Watching the news is a grim affair. Every item is a bad news story. The past 10 days alone we’ve seen the terrible house fire in Essex that killed a mother and five children. The shocking hit and run incidents in my home town, Cardiff. The killing of a vet in North Wales. An arson attack that killed a family in Prestatyn. And the continuing revelations of Jimmy Savile’s horrifying abuse of young girls.
That’s just in Britain. Overseas, the news is even grimmer, with terrible suffering in Syria and the appalling shooting in Pakistan of a brave schoolgirl, Malala Yousafzai, in Pakistan who had spoken out in favour of girls’ education.
Back in the 1990s, BBC journalist Martyn Lewis famously criticised the media for focusing on bad news. He’s still making the case for a more balanced view of the world.
The danger is that the media prompt us to switch off (literally and figuratively) the news when it becomes too depressing. We feel helpless when we see evil and misfortune in every story.
Journalists would argue that they simply tell it how it is. A plane crash is news. A plane landing safely isn’t news (except on 22 April 2010…). Bad news sells papers, they’d argue. They’d add that they do report good news. Just look at the coverage of the Olympics and Paralympics.
Perhaps. But the relentless stream of bad news gives a misleading impression. Simon Jenkins in the Guardian points out that the disproportionate (in Jenkins’ view) attention to issues like Jimmy Savile and the BBC result in the complete failure to understand that mistakes happen:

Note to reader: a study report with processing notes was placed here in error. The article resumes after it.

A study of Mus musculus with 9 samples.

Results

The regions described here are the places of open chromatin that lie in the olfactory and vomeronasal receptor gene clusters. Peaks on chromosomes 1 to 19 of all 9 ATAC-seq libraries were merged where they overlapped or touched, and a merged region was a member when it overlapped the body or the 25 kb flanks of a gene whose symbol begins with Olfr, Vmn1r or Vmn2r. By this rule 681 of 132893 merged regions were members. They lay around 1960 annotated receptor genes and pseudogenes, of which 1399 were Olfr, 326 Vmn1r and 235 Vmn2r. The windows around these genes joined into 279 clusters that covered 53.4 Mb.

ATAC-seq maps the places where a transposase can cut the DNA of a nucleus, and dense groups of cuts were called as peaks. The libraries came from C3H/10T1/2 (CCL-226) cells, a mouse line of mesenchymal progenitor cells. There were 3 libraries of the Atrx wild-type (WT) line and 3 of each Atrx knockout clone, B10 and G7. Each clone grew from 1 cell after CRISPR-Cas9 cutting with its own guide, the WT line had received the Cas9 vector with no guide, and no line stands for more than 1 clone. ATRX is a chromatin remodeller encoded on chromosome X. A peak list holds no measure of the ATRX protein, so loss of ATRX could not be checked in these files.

“Those running big organisations, in the public and private sectors, face a lethal pincer movement. On the one side is a rising tide of risk aversion, seeping into every factory, office and profession, stifling enterprise, “reassessing” risk, clogging decision. On the other is a fear of what happens should this process fail. Just as the concept of an accident has slid from legal status, so has the “honest mistake”. When Entwistle today admitted and regretted his mistake in not asking in more detail about the Savile programme, his tormenters hardly noticed. Honest mistakes do not exist, being replaced by only the most serious and probably criminal negligence, fit only for the pillory, the stocks or the gallows.”
It’s hard to see this changing any time soon. The media and politicians love demanding punishment and shaming. They’re not likely to give up this reflex.